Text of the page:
Bone Broth – The Incredible Health Benefits

When I was a child, nutritious bone broth was a regular staple in our household.  My mother would get beef bones from our local butcher, who gave them away for free in those days.  She couldn’t believe that he was giving away such an abundance of nourishment.

Mum would prepare these bones with various vegetables and herbs – onions, carrots, celery, potatoes, Italian parsley, garlic – cooking them over a slow simmering boil for hours.

Autumn and winter are a wonderful time to include bone broth into your diet.  There is something truly nourishing and nurturing about a steamy bowl of bone broth.  You can almost feel the goodness of the melee of nutritious ingredients.

Bone broth is fairly simple to make, although you will need 3-36 hours, at least. If time is limited and you love the convenience of quality store bought bone broth, we recommend Meadow & Marrow’s range of therapeutic bone broths, now available in clinic.

What is Bone Broth?

Bone broth is a broth made from animal bones – beef, chicken or fish – with a few added vegetables and slowly simmered over a few hours.   Adding a little vinegar helps extract those nutrient-dense minerals from the bones, helping to release nutrients from the marrow within the bones and break down the connective tissue, resulting in a flavoursome, collagen-rich and nutritious broth.  Broth, such as chicken broth, is recognized by almost every culture for its health benefits.

Health Benefits of Bone Broth
Clean Gut health

Our gut plays a vital role in keeping us well and whole. A typical modern, Western diet can include processed foods, refined sugars that can destroy our gut’s healthy bacteria. As the nutrients in bone broth are easily absorbed by the body, bone broth helps to heal and seal the gut as well as nourish the body.

Builds a stronger Immune System

We all need to ensure our immune system is strong and healthy to allow us to fight off disease. Given that we have over 80% of our immune-fighting cells in our gut, the link between gut health and our immunity is closely connected.

There are a number of key substances in bone broth that are particularly effective in supporting a strong immune system.  These includes lipids, which are essential for producing white blood cells (which fight infection) as well as certain amino acids such as arginine (important for a healthy liver & immune system) and glutamine (aids metabolism) and glycine (important for promoting healthy muscle & connective tissue growth & repair, aids digestions & helps regulate blood sugar).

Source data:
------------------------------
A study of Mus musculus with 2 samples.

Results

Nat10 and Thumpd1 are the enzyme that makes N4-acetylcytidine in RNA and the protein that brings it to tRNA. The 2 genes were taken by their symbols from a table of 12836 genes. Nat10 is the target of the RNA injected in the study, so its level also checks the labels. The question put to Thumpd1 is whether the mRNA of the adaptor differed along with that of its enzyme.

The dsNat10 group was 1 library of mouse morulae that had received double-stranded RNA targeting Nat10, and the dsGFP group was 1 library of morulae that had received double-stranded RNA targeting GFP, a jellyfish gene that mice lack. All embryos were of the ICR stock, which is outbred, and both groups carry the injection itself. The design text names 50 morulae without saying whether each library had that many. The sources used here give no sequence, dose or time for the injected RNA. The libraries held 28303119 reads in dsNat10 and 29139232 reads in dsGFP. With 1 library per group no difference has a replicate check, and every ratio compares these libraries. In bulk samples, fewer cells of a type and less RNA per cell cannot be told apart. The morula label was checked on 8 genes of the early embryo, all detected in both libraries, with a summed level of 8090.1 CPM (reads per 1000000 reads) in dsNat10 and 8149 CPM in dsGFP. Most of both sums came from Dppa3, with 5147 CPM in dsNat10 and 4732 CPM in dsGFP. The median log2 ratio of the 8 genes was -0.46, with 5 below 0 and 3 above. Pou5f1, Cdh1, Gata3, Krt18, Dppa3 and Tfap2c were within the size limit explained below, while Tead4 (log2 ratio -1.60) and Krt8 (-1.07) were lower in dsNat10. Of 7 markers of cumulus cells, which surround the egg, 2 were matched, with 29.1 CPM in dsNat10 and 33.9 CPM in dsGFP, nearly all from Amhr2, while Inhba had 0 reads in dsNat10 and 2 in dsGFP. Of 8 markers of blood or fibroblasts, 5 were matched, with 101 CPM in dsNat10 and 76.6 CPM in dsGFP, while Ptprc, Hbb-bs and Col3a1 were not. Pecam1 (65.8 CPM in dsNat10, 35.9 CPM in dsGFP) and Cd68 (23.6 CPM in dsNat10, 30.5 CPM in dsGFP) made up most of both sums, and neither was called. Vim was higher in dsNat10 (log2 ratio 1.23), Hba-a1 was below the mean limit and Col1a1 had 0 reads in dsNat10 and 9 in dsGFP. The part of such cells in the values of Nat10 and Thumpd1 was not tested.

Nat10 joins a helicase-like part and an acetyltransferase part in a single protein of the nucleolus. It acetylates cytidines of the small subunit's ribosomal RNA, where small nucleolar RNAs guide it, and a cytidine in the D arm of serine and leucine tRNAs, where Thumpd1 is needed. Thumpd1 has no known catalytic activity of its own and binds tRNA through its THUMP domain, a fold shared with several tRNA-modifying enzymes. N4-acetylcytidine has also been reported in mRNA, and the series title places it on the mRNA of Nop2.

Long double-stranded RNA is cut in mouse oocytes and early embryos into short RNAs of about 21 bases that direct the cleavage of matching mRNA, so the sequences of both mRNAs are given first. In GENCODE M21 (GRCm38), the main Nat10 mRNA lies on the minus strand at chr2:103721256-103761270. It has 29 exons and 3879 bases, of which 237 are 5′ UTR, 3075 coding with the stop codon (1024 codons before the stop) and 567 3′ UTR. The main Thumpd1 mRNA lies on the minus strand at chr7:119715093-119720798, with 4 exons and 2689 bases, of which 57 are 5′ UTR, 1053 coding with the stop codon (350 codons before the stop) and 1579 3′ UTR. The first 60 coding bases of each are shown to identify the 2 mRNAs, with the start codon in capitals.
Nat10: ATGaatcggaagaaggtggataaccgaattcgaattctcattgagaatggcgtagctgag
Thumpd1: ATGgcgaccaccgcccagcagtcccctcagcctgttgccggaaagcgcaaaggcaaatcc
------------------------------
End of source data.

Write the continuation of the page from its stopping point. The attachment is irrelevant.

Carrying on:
Helps ease cold and flu symptoms

Who hasn’t been told to have some hot chicken soup or broth at the first sign of a cold?  Almost every culture is familiar with the benefits of chicken broth.  Broth is highly hydrating and research in 2000 found that chicken broth can help ease inflammation associated with colds and flu.

Reduces Inflammation Muscle and joint health

Bone broth and its marrow is rich in minerals such as calcium, magnesium, silicon as well as collagen.  These minerals and the gelatin help to fight inflammation, ease joint and muscle pain and are excellent for your nails and skin.

Bone Broth Recipe

This recipe is one we grew up with.  We have tended to use beef bones but sometimes fish or chicken.  Of course, if possible, it is always best to use bones from organically-raised grass fed animals.

Ingredients
  • 2 kg beef bones, with their marrow included
  • 1/2 cup apple cider vinegar
  • 4 celery stalks
  • 4 carrots
  • 3 onions
  • 2 cloves garlic (whole)
  • 2 Bay leaves
  • Bunch of fresh parsley
  • Pinch of pepper & himalayan salt
Directions
  1. Roughly cut the vegetables.
  2. Place the bones in a large pot, add vinegar and enough cold water to completely cover the bones with about 2-3 cms to spare.
  3. Add the vinegar over the bones & let rest for 20-30 minutes
  4. Add the vegetables, garlic and bay leaves and bring to the boil.  Skim the scum off the top of the broth and discard.
  5. Reduce to a low simmer and cover. Cook for 3-36 hours, depending on how much time you have.
  6. During the final 10 mins of cooking time, add the parsley.
  7. Let the broth cool and strain it. If the bones still have marrow, scoop the marrow out & into the broth.
  8. Add salt & pepper to taste
  9. You can store bone broth in the fridge for up to 5 days or it can be frozen and stored in the freezer 3-6 months.
  10. Bone broth is wonderful on its own or it can be added to soups, casseroles and stews for boosted nutrition.
Free AssessmentAre You Tired All The Time?

Find out if you are experiencing adrenal fatigue.

This free short Fatigue & Burnout self-assessment can help you determine if you are experiencing some level of adrenal fatigue.